Thailand's prime minister rallied thousands of campaign supporters Thursday at the scene of last year's deadly anti-government protests, defending his crackdown on demonstrators there as the best he could do under difficult circumstances.
Prime Minister Abhisit Vejjajiva acknowledged the rally's location was symbolic but said it was not intended to stir unrest or division as some of his opponents alleged. More than 90 people died, mostly protesters, in the violence last year, some of the country's worst in 20 years.
"Some say we are adding fuel to fire. It's not true," Abhisit told his supporters at the street intersection that was the center of the protests just over a year ago. "We brought the public here because this Ratchaprasong area, like every inch of Thailand, belongs to all Thais.
"I am here to tell Thailand that from July 3, we will move Thailand forward and restore the international community's confidence in Thailand," he added.
Earlier, Abhisit had said the rally, held just days before the tense nation's July 3 elections, would allow his Democrat Party to tell "the truth" about the two-month protests that paralyzed the heart of this Southeast Asian city and ended in a military crackdown in May 2010. The ensuing chaos included arson that billowed smoke over the Bangkok skyline _ images replayed on giant television screens for the crowds before Abhisit's 80-minute speech.
Some feared new violence, but the rally was peaceful. The opposition Pheu Thai party ordered its members to avoid the intersection where Abhisit spoke, in front of the CentralWorld shopping mall that was one of more than a dozen buildings set ablaze on the chaotic, final day of protests.
One Pheu Thai leader, Nattawut Saikua, said earlier this week there was nothing wrong with Abhisit giving his version of events, "but why does it have to be Ratchaprasong? Because they want to provoke emotional reactions from those who felt pain from the situation."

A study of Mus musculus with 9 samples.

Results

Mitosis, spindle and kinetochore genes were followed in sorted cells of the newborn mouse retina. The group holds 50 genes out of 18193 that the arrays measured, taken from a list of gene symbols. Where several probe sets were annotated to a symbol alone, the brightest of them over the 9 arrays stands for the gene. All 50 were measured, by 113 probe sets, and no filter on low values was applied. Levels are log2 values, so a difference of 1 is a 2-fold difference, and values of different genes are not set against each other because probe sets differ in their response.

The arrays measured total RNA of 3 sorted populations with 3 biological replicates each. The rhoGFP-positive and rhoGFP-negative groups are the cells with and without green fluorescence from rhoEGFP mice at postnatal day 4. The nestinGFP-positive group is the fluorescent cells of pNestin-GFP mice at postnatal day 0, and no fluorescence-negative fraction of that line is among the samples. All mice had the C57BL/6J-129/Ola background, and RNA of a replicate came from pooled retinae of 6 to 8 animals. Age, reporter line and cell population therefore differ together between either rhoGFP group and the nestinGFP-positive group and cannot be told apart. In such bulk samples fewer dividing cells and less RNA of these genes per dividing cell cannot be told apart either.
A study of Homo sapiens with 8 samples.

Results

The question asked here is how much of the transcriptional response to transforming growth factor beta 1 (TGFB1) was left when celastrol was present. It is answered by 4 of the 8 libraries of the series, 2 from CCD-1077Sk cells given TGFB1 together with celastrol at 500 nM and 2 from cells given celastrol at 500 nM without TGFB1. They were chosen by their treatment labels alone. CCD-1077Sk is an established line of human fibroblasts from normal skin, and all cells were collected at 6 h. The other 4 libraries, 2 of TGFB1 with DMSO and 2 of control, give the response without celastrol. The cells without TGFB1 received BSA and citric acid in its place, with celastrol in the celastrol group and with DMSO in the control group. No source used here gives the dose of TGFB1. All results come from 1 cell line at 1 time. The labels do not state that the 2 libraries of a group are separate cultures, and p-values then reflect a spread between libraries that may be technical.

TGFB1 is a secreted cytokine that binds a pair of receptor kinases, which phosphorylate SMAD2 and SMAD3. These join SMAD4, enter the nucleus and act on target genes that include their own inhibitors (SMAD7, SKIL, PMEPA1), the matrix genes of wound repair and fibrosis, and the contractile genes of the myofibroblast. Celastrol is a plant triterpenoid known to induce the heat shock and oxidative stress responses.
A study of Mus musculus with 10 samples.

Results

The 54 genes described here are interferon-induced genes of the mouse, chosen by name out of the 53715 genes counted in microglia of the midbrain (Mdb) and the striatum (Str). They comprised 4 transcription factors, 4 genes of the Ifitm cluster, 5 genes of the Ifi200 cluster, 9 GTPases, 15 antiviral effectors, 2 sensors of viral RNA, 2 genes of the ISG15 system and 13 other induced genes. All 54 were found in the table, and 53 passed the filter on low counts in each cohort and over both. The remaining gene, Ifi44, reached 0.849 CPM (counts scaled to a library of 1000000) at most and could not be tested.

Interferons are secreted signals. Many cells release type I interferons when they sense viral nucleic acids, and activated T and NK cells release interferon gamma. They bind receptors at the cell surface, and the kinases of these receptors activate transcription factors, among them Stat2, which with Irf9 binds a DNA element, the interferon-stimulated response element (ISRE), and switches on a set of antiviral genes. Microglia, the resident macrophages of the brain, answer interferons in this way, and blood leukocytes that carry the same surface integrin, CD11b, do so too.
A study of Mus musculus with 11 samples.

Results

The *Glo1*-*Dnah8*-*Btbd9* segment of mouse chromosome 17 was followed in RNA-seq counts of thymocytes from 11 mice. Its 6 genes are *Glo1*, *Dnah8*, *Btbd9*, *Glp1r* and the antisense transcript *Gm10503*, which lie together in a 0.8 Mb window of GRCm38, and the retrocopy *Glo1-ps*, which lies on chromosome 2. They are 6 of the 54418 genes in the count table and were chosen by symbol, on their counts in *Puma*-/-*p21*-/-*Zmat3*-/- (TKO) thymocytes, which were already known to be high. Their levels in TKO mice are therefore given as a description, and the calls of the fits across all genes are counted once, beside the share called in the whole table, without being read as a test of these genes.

On a TV talk show, Nattawut _ a top Red Shirt leader _ said the site "seemed to intentionally fuel the simmering fire in people and trigger reaction. It simply drives a wedge between the conflicting sides."
Abhisit's government said it proceeded carefully to minimize casualties as it tried to restore order last year. But rights groups say it used disproportionate and excessive force _ including live ammunition and snipers.
Some Red Shirt leaders had urged their supporters to turn Bangkok into a "sea of fire" _ which small gangs of men tried to do by arson after armored military vehicles arrived. Among the protesters were shadowy black-shirted militants with grenade launchers, pistols and automatic weapons.
As many as 100,000 demonstrators, mainly from the countryside, had camped out in Bangkok's main financial and commercial district starting in March 2010 and brought the city of steep high-rises to its knees.
In the year since, Abhisit's government has exclusively prosecuted its opponents, leaving many to see the justice being meted out as one-sided.
Abhisit said he did not want to be a cause of conflict in society and had always exercised patience though some people had scolded him for not acting more firmly to stop the two-month protests earlier. "I insisted we had to do everything to prevent a problem and bloodshed," he said.
After one violent clash, he said, "I knew that night that whatever I decided, my life would never be the same. There will be angry people. There will be people who want revenge. There will be attempts to stir more hatred, whatever my decision is." His wife, he said, was the one who convinced him to carry on.
He roused the crowd with attacks on former Prime Minister Thaksin Shinawatra, whose youngest sister Yingluck Shinawtra is leading polls as Abhisit's main political rival.
Thaksin remains a hero of the Red Shirts, many of who support the opposition Pheu Thai party. He was ousted by a military coup in 2006 after being accused of corruption and disrespect to the country's King Bhumibol Adulyadej.
Thaksin's ouster opened a schism in Thai society, and Thaksin's opponents and supporters have been battling for political supremacy since then, often taking it to the streets.
Thaksin is in self-imposed exile avoiding a jail term on a corruption conviction he claims was politically inspired. Thaksin's critics blame him for funding and guiding the Red Shirt protests.
Abhisit told the crowd that if they didn't support his Democrat Party, "brothers and sisters, you will become hostage of those who prefer violence forever."
"This (election) is the best opportunity to remove the poison of Thaksin from Thailand," he said.